ATHENS – So much for diplomacy.
After both sides said they wouldn't agitate the other during the summer so as to protect their tourism hopes during the COVID-19 pandemic, Greek and Turkish officials have resume taking shots at each other.
This time it's Greek Foreign Minister Nikos Dendias who said that Turkish President Recep Tayyip Erdogan's plan to further reopen the abandoned resort of Varosha on the occupied side of Cyprus was another provocation that the Turkish leader said he wouldn't undertake now.
During a meeting with Lebanon’s Deputy Prime Minister and Defense Minister Zeina Akar, Dendias said that, it is “now clear that Turkey is using every tool of destabilization,” reported Kathimerini.
“I do not need to remind anyone that Famagusta is a short distance from Lebanon,” he said, using the Turkish name for the resort area although Greece calls Istanbul by Constantinople.
He said that Greece is opposing these efforts by Turkey ”in accordance with international law and good neighborly relations,” although both sides they wouldn't poke each other now.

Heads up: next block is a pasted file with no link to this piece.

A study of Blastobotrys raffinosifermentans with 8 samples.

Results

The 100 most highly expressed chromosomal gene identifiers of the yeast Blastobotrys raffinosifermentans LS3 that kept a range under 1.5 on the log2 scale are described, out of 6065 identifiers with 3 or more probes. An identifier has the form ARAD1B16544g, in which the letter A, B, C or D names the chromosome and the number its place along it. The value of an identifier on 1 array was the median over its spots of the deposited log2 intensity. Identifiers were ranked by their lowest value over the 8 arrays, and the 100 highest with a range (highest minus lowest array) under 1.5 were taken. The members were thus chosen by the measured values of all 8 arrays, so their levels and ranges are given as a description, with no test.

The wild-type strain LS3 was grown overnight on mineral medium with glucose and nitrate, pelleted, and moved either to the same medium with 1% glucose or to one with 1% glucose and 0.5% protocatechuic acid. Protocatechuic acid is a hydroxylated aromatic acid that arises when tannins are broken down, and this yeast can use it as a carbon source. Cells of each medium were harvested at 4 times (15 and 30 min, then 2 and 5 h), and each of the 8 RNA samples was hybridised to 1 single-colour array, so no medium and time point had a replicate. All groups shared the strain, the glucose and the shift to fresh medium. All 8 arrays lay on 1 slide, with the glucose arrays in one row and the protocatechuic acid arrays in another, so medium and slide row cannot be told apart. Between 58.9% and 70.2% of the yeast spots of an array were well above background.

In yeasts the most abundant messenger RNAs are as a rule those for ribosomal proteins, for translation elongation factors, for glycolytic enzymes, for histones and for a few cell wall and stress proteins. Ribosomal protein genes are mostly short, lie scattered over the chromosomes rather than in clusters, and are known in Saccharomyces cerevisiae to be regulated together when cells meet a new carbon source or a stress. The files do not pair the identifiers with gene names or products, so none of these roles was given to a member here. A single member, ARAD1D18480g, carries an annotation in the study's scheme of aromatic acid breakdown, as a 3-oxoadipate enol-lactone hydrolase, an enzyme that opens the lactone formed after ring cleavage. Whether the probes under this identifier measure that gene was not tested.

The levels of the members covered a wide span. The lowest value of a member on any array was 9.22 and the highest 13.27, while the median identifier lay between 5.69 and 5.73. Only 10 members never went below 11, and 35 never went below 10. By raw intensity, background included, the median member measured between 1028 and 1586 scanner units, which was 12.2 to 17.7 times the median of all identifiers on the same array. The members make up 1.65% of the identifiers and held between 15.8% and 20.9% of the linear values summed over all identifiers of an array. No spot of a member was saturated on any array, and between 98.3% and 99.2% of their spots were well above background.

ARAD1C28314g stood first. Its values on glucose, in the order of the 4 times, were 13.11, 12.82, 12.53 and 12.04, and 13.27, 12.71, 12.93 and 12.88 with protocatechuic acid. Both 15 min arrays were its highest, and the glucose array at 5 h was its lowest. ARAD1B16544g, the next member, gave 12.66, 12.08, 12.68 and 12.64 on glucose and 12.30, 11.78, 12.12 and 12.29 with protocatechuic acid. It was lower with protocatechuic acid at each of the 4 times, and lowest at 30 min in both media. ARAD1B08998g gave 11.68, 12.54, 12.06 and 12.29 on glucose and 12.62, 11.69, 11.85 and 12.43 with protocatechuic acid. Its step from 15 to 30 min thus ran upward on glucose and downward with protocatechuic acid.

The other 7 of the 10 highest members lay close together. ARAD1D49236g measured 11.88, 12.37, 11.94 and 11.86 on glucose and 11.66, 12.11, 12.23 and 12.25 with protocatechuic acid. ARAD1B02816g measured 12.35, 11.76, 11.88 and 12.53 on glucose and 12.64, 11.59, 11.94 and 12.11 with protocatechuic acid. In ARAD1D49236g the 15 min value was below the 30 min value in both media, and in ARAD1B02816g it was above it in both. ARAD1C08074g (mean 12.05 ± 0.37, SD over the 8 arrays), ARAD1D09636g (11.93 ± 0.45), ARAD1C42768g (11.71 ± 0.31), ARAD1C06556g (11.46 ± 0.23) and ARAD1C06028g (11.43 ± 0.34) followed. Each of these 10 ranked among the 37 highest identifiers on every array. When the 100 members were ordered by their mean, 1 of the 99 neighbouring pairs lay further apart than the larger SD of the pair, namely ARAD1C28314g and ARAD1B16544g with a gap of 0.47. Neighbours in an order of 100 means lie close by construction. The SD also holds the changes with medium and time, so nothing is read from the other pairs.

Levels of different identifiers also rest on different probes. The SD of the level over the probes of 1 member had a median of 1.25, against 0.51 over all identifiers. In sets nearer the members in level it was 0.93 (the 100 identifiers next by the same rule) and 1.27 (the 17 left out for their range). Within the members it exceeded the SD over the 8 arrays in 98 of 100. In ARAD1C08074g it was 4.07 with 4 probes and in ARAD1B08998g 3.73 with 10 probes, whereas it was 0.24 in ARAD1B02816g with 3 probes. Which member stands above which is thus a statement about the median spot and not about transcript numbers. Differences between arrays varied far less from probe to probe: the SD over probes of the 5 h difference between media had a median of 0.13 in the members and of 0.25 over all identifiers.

“Of great importance is the International Law of the Sea, UNCLOS, which both Greece and Lebanon have signed and ratified,” he added, which Turkey doesn't recognize unless invoking to its advantage.
Dendias used the occasion to say that Greece would continue to aid Lebanon as well as the Greek Orthodox Hospital of Saint George in Beirut.
“We will continue to support Lebanon within the European Union as well,” he assured, although the country has been accused of runaway corruption that was blamed on a massive port explosion in 2020.